General Powell is a vintage Volvo man (and other Volvo stories)

1. Old but neat Times article we recently came across; maybe it’s old-hat to vintage Volvo heads.

We’ve always admired the General personally (despite some of his regrettable political missteps), but this makes him that much more alright in our book.

The former secretary of state and chairman of the Joint Chiefs of Staff was often found behind the chairman’s quarters at Fort Myer in Virginia tinkering with his cars.

“At one time I had six, stashed at various places around the post so the M.P.’s wouldn’t find them all,” he said in a recent interview. “My usual pattern was to fix them mechanically and then do enough body work to get them through a quick Earl Scheib paint job.

“My cars wouldn’t pass anyone’s magnet test,” he said, referring to how cars are checked for body filler that disguises rust damage, and added, “It’s been great fun and I’ve met a lot of interesting people.”

Mr. Powell’s current pride and joy is a 1966 122S wagon, a car similar to the barely ambulatory wreck that Bill Clinton and Al Gore presented to him at a reception when he retired as chairman of the Joint Chiefs in 1993. “I tried to express my profound gratitude,” Mr. Powell said.

Finding parts is not a big problem. Genuine Classic Parts, a Swedish company, sells them through Volvo dealers. Another Swedish company, VP Auto Parts, also has a large selection. And, of course, there are still many parts cars available.

That’s how Mr. Powell got many of his parts. “I would strip them and stack the parts,” he said. “A lot of people heard I was doing that. Word got around among Volvo aficionados: ‘If you want a starter, see General Powell.’”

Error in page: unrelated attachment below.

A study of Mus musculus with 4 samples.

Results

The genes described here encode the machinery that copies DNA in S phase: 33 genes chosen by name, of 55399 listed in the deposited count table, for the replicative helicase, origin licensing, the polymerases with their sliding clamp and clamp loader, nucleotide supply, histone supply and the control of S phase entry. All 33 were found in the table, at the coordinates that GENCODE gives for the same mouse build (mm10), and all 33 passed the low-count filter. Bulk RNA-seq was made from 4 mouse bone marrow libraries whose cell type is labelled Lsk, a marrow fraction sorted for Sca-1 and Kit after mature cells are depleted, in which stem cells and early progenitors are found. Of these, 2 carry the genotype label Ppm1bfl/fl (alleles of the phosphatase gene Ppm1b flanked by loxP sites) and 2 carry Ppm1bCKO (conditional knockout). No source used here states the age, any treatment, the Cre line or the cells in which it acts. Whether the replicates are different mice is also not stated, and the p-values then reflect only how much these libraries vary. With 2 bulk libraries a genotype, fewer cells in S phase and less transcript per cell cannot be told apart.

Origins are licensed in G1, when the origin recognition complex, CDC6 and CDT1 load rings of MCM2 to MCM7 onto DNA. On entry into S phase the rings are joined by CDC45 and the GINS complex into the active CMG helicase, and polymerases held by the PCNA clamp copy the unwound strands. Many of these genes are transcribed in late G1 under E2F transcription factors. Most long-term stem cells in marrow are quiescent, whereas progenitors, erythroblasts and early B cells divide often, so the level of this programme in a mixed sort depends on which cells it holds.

2. Sure, the P1800 is relatively commonplace (as far as our collective consciousness goes), but how often do you hear about the P1900?

Compared with the impregnable rolling fortresses on which Volvo built its modern reputation, the Volvo Sport, or P1900, a sleek two-seat convertible with a fiberglass body, seems heretical. But it was actually a timely, if somewhat hastily executed, marketing move. In the early 1950s, on the verge of exporting cars to the United States, Volvo was looking for a way to build interest.

On a visit to America in 1953, Volvo’s co-founder and managing director, Assar Gabrielsson, was smitten by the recently unveiled Chevrolet Corvette and became intrigued by its fiberglass body. He consulted Bill Tritt, a design engineer whose company, Glasspar, produced fiberglass motorboats and several hundred sports car bodies. At Gabrielsson’s request, Tritt made some sketches, and soon Volvo delivered a newly designed chassis to Glasspar in Costa Mesa, Calif., with instructions to “build a fiberglass body around it.”

Glasspar created a handful of prototypes, and in 1956 the Volvo Sport went into production, with a planned run of 300 vehicles. Glasspar built the first 18 production bodies, which were shipped to Sweden for final assembly. Thereafter, Volvo took over the entire production process. Most of the 1956 models were sold in Sweden — one, No. 18, was shipped to the United States and driven across the country on a promotional tour — and all of the 1957 cars except No. 49 were shipped to Los Angeles.

Rare or not, we think the near-iconic 1800 is actually the better looker. The 1900 might have gotten the ball rolling, but the 1800 was the one that got it right.


~ by velofinds on February 28, 2010.